Struggling to sleep: how to help bad sleepers nod off. Photo: Getty Images
As school is back in full swing around the country, parents are starting to enforce bedtimes again. But just because your child's designated 'sleep time' arrives, doesn't mean she will instantly fall asleep.
Janet knows this all too well.
Every night she struggles to get her six-year-old daughter, Zoe, to bed. Although Zoe turns her lights out at 8.30pm, she always says she can't sleep.
"I let her read and sometimes she draws on a clipboard while she lies in bed," Janet says. But nothing helps. Zoe is often still wide-awake past 10pm.
"I don't know what else to do," Janet says.
Clinical Psychologist Dr Lara Winten says it's "quite normal" for children to have short periods of sleep difficulties.
She says children's sleep can be affected by a range of environmental factors - like temperature and light - as well as biological factors, like growth spurts.
However, if your child is having longer-term sleep issues, she recommends talking to them and "gently prompting them to discuss any worries they may have". (If you believe your child's sleep issues relate to ongoing problems, Dr Winten suggests setting aside "worry time" once a week to discuss her concerns.)
But if your child seems otherwise fine and simply can't sleep, there are things you can do to help.
Firstly, says Sleep Consultant Dr David Cunnington, ensure you're not transferring your own sleeping beliefs and anxieties onto your child.
"You need to find the balance between teaching kids to be respectful of sleep, but not too concerned about it."
As evening approaches, Dr Winten recommends avoiding electronic devices, as the bright lights emitted from them can interfere with sleep.
Then, she suggests following a consistent bedtime routine. Not only does this make children of all ages feel secure, she says it's also an important "behavioural cue" for their brains to start preparing for sleep.
A good example of a pre-bed routine is having a set time each night for a bath, putting on pyjamas, reading and lights out.
"In contrast, a chaotic and unpredictable routine can leave kids suddenly in bed with the lights out and an expectation of trying to get to sleep," says Dr Cunnington.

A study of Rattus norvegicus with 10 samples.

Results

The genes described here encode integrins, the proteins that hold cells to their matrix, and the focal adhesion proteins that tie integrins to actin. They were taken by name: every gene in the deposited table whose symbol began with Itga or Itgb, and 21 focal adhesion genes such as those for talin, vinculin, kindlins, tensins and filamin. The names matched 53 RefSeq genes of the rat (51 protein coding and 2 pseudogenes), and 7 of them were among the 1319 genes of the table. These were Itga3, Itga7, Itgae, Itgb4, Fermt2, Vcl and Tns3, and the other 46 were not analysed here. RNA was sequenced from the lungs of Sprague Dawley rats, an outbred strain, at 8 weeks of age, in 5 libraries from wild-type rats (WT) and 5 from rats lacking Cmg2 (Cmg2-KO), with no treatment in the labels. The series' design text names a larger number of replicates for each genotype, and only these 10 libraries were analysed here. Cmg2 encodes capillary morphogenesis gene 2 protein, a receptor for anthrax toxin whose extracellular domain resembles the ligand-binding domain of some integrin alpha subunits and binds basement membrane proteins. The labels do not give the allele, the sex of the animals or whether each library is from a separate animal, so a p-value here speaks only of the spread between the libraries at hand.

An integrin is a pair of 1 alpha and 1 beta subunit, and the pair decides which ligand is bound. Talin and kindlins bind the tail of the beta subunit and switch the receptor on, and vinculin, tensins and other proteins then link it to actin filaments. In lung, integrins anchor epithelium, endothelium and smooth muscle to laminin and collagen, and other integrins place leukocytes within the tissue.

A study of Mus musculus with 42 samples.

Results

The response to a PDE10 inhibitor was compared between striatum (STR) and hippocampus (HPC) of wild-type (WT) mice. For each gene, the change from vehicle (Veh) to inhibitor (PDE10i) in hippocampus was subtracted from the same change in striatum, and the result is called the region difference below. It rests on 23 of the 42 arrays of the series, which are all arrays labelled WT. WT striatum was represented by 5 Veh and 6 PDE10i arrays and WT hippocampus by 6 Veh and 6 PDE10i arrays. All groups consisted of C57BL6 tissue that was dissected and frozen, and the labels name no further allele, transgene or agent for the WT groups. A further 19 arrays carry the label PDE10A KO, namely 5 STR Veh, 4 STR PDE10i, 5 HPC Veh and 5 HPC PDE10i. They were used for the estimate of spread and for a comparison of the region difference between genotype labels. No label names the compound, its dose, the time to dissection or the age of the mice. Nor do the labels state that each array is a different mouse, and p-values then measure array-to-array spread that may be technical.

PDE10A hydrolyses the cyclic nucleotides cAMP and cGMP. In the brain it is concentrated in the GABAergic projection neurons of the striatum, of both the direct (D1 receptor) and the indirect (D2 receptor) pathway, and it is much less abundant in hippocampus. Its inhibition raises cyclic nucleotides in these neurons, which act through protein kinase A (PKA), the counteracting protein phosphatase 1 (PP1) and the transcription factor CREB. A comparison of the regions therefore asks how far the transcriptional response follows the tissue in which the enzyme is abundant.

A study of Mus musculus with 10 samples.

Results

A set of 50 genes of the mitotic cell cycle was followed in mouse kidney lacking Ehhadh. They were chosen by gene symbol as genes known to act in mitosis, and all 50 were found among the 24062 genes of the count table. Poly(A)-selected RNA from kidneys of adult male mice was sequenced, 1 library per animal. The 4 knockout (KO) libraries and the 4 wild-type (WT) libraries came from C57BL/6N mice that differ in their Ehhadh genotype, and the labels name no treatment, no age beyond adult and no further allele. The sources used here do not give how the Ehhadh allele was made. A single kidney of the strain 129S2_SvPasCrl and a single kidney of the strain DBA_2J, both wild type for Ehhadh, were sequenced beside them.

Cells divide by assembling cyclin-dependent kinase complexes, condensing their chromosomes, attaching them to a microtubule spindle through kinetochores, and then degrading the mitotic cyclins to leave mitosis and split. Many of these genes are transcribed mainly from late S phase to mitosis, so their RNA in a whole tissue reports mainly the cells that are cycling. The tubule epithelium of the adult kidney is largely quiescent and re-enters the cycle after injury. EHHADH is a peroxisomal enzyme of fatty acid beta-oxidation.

Once your child is in bed, Dr Cunnington says the aim is to "train kids that they don't need to control sleep".
Dr Cunnington says if you tell your child she needs to do breathing exercises or other such things in order to fall asleep, you're ingraining in her a belief that she can only sleep if she tries to actively control it. (He calls this a "perfect" recipe for insomnia later in life.)
However, if your child is getting frustrated by not being able to sleep, there are ways to soothe her.
Dr Winten suggests making a "sleep-aid box". This is a box of items and exercises children can do in bed.
"Some of my younger patients have called theirs 'sleepy boxes' and have decorated them and made them special."
Dr Winten says you can fill the box with a variety of calming objects to help your child feel relaxed. This might include a picture book or photo album to look at, or some soft toys for your child to play with, depending on her age.
You may also want to teach your child some ways to help her stay relaxed in bed. This can include focusing on her breathing, or practicing progressive muscle relaxation (where you tell yourself it's time to relax your neck, then your shoulders, your arms then your chest and so on).
Lastly, says Dr Cunnington, you may choose to re-evaluate what time you put your child to bed.
He says if your child is consistently not falling asleep at her designated bedtime but is otherwise doing well during the day, you may want to try putting her to bed a little later.